RISING 2,256 metres above sea level, which is equivalent to 7,204 feet, is the Blue Mountain Peak, the highest point in Jamaica and the Caribbean.
At this point of the mountain the views seen are quite astonishing, Cuba 210 km away being right in eye's range.
The mountains were so named because from afar they to be blue.
The Blue Mountains is flanked by the John Crow Mountains on the east and the Port Royal Mountains on the West and spreads across St Mary, St Andrew, St Thomas and Portland.
The journey to the peak of the mountain may take the form of a hike — between three and six hours long — and is the best way for the sports enthusiasts who loves a challenge.
They will be able to enjoy the beautiful scenery, and stunning vistas on the journey. The hikers will see a wide variety of wide life and flora and fauna, many of which can only be seen on the mountains.
The climate of the mountains allows for lush vegetation, over 500 flowering plant species with approximately 250 of them being indigenous to the island, and approximately 65 of these species being orchids.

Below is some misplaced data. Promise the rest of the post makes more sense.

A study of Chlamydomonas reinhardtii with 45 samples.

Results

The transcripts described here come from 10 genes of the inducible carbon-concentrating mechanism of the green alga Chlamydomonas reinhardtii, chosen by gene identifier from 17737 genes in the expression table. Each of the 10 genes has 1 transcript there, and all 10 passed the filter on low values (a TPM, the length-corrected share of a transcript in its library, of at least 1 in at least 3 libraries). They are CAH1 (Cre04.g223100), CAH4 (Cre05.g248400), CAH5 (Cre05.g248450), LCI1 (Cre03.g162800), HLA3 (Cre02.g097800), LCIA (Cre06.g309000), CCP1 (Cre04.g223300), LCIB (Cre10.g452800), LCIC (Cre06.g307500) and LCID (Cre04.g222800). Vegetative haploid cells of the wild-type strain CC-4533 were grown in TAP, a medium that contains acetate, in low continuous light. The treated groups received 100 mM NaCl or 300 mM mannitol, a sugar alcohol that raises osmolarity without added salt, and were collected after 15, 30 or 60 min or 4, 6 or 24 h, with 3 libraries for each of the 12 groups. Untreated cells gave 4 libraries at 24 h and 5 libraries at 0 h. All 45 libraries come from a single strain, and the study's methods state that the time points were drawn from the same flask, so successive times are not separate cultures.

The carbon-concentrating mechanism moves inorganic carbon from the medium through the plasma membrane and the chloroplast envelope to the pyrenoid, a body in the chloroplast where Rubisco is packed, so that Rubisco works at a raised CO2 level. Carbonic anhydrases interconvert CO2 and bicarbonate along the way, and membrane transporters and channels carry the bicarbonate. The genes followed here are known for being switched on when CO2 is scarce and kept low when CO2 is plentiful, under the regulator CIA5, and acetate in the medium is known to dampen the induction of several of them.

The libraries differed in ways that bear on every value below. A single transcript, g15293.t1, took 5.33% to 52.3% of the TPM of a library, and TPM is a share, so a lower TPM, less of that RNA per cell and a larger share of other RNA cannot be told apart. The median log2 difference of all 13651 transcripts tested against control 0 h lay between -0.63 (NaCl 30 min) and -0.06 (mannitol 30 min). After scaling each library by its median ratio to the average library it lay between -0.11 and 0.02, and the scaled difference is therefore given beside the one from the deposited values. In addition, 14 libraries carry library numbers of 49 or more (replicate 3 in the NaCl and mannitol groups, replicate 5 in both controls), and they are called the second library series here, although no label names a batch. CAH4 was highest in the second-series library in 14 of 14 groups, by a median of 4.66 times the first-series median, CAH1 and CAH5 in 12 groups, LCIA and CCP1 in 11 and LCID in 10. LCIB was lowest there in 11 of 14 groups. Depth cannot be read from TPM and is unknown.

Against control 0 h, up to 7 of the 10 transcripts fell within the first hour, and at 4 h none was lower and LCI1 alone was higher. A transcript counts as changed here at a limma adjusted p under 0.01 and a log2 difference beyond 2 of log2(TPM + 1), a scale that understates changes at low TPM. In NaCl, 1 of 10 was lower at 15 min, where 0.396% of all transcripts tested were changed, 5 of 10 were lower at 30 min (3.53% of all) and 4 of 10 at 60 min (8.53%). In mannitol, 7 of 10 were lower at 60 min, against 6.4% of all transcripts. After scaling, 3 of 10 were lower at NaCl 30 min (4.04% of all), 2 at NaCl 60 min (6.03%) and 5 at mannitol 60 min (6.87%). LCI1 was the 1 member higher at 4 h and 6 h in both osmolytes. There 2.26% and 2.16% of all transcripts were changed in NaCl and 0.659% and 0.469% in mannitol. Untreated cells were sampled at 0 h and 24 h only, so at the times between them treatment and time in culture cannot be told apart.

The peak also has a wide variety of wildlife. It is the present home of the Jamaican Coney, the Jamaican Boa and huge numbers of the national bird of Jamaica, the humming bird.
But these mountains not only provide a safe haven for animals, they also provide a get-away from the hustle and bustle of the city.
They once provided safe haven for our African ancestors, who rebelled against Colonial rule during slavery.
And aside from just providing a safe haven, these mountains have quite fertile soil, being the best land for the growth of the world renowned Blue Mountain coffee. The coffee is a favourite of Jamaicans and visitors alike.